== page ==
A look into the evolution of React and Strongly Typed Languages.

The Leland Prediction - 4 years later

4 years ago, Leland Richardson made a prediction about the future of the state of the web. They predicted that in 2 years, React – web and native – will still be popular, and that in 4 years, we'll still be using it – except in a strongly typed language. Let's explore.

The State of React

According to the State of JavaScript survey, Web Almanac and our internal developer data (also the fact that we're still in business) – it is clear that React is still popular today. Even better, a cursory glance at the npm package statistics strongly indicates that there is continued growth, even today!

npm trends showing adoption over 5 years

The bet that React has made since its inception about a declarative approach to building effective web applications proves to be ever popular, with even industry giants such as Apple creating similar tools such as SwiftUI. We find that the strong component-driven model of React is what really drives its success, along with its general lack of opinionation which has spawned a sprawling ecosystem of JavaScript modules to meet various domain-specific needs that modern web applications have.

Laurie Voss' talk from JSConf EU in 2019 makes the claim that React has conquered the web. This is a claim that Laurie further substantiates in the talk, citing its component model and adoptability as strong reasons for its dominance.

The State of React Native

This is where things get interesting. While it is without a doubt still strongly popular according to the latest data from StackOverflow, Statista, GitHub (even GitHub stars over time) and Google Trends, it is nearly taken over by Flutter entirely, with Flutter coming out on top in 50% of the studies we looked at.

GitHub Stars over time

It's worth noting here that Flutter uses a language called Dart, which is a strongly typed language that can be thought of as a hybrid between JavaScript and Java. We'll come back to this later.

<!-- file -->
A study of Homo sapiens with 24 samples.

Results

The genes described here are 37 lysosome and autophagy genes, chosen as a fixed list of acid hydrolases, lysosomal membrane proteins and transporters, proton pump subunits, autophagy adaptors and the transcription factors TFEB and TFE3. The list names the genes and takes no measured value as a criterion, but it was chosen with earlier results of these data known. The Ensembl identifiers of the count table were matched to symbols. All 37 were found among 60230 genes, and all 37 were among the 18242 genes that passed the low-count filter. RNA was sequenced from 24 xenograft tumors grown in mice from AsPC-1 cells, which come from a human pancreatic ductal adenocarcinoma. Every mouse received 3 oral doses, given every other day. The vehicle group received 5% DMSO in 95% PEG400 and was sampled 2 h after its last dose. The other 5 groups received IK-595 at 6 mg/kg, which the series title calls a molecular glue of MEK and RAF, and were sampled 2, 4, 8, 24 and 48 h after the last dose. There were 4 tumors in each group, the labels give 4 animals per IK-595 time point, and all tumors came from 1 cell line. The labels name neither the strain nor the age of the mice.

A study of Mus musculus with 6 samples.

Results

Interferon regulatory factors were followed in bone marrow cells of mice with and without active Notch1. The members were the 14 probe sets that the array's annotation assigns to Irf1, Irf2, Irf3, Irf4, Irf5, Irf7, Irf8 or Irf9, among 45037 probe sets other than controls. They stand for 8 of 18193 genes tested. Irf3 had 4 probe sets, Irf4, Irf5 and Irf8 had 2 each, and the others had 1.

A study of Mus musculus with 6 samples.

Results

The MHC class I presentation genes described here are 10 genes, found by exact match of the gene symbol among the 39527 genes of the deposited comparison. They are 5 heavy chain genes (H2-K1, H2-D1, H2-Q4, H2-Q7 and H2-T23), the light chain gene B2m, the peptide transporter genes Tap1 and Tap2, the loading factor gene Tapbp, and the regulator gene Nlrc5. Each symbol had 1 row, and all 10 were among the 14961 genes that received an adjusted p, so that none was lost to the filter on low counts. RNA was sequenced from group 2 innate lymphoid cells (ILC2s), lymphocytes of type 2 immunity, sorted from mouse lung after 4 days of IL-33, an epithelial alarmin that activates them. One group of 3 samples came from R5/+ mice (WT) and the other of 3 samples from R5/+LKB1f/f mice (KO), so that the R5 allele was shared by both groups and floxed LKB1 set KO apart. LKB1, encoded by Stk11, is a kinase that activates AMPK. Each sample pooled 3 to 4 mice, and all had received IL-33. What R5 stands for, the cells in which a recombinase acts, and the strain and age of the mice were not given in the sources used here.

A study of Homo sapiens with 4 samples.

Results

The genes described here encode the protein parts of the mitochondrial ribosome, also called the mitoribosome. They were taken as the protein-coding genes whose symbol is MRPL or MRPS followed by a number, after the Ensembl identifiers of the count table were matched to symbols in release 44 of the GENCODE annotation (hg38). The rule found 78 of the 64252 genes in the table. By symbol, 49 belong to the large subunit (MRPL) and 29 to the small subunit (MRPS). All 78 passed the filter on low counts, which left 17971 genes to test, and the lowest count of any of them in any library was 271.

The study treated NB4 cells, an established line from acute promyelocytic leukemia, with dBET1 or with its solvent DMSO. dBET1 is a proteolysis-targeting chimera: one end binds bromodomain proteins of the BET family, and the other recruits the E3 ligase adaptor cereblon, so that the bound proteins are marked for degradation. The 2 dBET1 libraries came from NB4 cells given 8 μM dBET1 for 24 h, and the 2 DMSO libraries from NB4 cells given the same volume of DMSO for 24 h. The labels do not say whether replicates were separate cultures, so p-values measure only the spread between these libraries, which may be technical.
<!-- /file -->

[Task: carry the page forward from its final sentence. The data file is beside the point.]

Based on all of the data we've examined so far, the 4 year prediction is looking really strong. The final link we'd like to look closer at is the part about strongly typed languages from Leland's original tweet.

What is a Strongly Typed Language?

Strongly typed languages are programming languages that are compiled ahead of time in order to ensure that the contracts established between various parts of code are compatible.

For example, consider JavaScript: a weakly typed language – attempting to sum a variable containing a value of type string with another variable containing a number will yield a final value of NaN or "not a number". This is known to cause bugs and place apps in a state of error.

A common error when React is written in JavaScript over TypeScript

In strongly typed languages, errors like these become impossible since the language itself catches these errors before the code is even executed. This signals to the developer that the code itself is not valid and cannot be expected to run without error.

For this reason, strongly typed languages have become extremely valuable; minimizing error rate while simultaneously allowing developers to work faster, safer.

When looking at our engineering internally at G2i, external demand from our customers, or the latest web surveys, React coupled with strongly typed languages – like TypeScript – seems to be all the rage today. As a declarative abstraction layer atop imperative DOM APIs, React greatly increases the velocity of UI engineering, though sometimes, JavaScript-based React projects tend to leave users wanting.

When combined with a strongly typed language, however, this problem goes away entirely, allowing for a much more pleasant end-user experience.

"React"?

The final talking point we'd like to address from Leland's original tweet is the use of quotation marks around the 4 year prediction. While we have not yet confirmed the intent behind them, we infer that the quotes allude not to React as we know it today, but a React variant – like ReasonReact for example.

Given the data, there does not appear to be solid adoption of React variants. We are seeing little to no adoption at all of strictly strongly typed React variants. Instead, we at G2i have received the following distribution of requests for fulfillment per technology since January of this year.

  • 31% React Developers
  • 26% React Native Developers
  • 16% Front End Developers
  • 16% Full Stack Developers
  • 8% NodeJS Developers
  • 3% Vue Developers

Across the board, these requests either required or benefitted from a working knowledge of TypeScript, though we have not yet seen demand for other strongly typed languages.

G2i has also seen an increase in businesses looking for TypeScript expertise and 47% of businesses have selected "TypeScript" as a specific Developer Skill they were looking for.

Conclusion

Leland Richardson was spot on with their predictions. If we recognize our take on the double quotation marks as conjecture and cross-reference the tweet with actual data available today: 4 years later, we strongly see every projection fulfilled.

Watching the ever-evolving landscape of the modern web is exciting and, like most, we've got our ears to the ground constantly paying attention to where it's headed.

Where will we be in the next 4 years? Let us know on twitter.